Sanibel Mayor Kevin Ruane issued a proclamation at Monday's City Council meeting recognizing Lt. Scott Ashby for his 30-plus years of service with the Sanibel Police Department. Ashby is retiring on Dec. 31.
Ashby started with the department in 1981, advancing in position from police aide, dispatcher, officer, detective, sergeant and finally as lieutenant.
"The City Council of the City of Sanibel is proud to recognize and congratulate Lt. Ashby upon his retirement and to express our appreciation for his services to the city's police department during his tenure, and our heartfelt desire that he enjoy a long, healthy and happy retirement," the proclamation states.
Lt. Scott Ashby, who has served with Sanibel Police for more than 30 years, was recognized by City Council on his retirement at the end of the year. Ashby said good-bye to a crowded Mackenzie Hall by thanking co-workers, chain of command and others.
Ashby entertained the gathering with a humorous good-bye speech thanking all those he worked with, reported to, assisted or was assisted by, and essentially crossed paths with.
Council then delved into two hot topics with extensive discussions about the Nov. 6 election and the language in the Sanibel Plan's Evaluation & Appraisal Report (EAR).
Lee County Supervisor of Elections Sharon Harrington stood before council to hash out what happened on election day, why the lines at the polls were so long and how those issues are being addressed.
Lee County is using its third voting system since 2000, when the paper punch cards were in use. Remember the hanging chads?
"We went to the touch screens until then-Governor Charlie Crist mandated we use the optical scanners we have now," said Harrington.
She said Crist did not like the touch screen system over concerns of the computers being hacked into.
Grant money to purchase the optical scanners did not go far enough and Lee County basically has just one scanner per precinct with an average of 3,000 voters per precinct. There are 169 scanners available for 125 precincts.
"The ballot this time was four pages long, longest it's ever been, which slowed down the process," Harrington said. "And it is mandated that they be printed in English and Spanish."
With the redistricting done last year, Sanibel went from three precincts down to just two. Lines at Precinct 117 at Sanibel Community Church extended beyond six hours while lines at Precinct 16 at Center 4 Life were shorter and that poll closed after 8 p.m. while Precinct 117 wasn't finished until after 11 p.m.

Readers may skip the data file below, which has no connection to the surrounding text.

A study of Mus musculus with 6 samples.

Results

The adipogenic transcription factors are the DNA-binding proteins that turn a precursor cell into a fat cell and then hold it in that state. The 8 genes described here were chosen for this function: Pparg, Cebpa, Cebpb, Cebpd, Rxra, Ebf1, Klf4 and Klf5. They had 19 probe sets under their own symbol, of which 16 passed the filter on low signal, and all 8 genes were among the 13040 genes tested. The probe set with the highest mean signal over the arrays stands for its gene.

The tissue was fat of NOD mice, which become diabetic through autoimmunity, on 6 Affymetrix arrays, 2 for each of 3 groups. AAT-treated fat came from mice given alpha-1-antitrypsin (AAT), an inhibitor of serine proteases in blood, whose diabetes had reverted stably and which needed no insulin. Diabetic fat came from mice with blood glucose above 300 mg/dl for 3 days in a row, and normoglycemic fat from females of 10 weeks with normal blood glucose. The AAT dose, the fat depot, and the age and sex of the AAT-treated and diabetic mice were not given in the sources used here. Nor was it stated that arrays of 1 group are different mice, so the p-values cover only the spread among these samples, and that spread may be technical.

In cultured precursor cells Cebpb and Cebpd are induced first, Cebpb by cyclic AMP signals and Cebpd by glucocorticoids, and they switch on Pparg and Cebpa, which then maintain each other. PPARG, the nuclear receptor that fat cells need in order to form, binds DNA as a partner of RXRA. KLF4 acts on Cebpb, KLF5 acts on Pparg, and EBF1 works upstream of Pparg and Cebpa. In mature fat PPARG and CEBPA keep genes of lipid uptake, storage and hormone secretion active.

Harrington agreed with council's suggestion to find out why one precinct got it right and the other one didn't.
"We are bringing those workers in to find that out," Harrington said.
She also agreed that Center 4 Life is not suitable because of limited parking and has asked Sanibel Congregational Church, which hosted the third Sanibel precinct in the past, to consider returning as a polling site.
"In the coming days I am meeting with the Secretary of State and the association of supervisors to exchange ideas of what the state needs to change," said Harrington. "We are restricted by state laws and funds on what we can and can't do, and the early voting period, and the number of early voting sites."
Once again, views on changing or adding one word in the EAR was batted back and forth between Council and the public. Six citizens pleaded with Council to remove the qualifying word "measurable" and/or "significantly" from a phrase dealing with beach uses and the impact on wildlife beach habitat.
"We don't want hot dog stands, volleyball nets and jet skis lining the beaches," said Larry Schopp, a board member of Committee of the Islands (COTI). "Qualifier words can be trouble in the long run. Measurable means one thing to some people and another to other people."
Sailboards, paddleboards and other activities popular on the Causeway beaches plus horses on the beach also were mentioned through public comment.
Councilman Marty Harrity took issue with the view expressed that any member of Council would allow activity detrimental to the beaches.
"I'm amazed that anyone would suggest that we don't care about our beaches," Harrity said forcefully.
When it came to vote on the measure, all five Council members were more comfortable with "measurable" over "significant" and both being left out.
The troublesome phrase, then, will read: "... development shall not measurably degrade the beach and wildlife habitat."
The next Council meeting is January 15.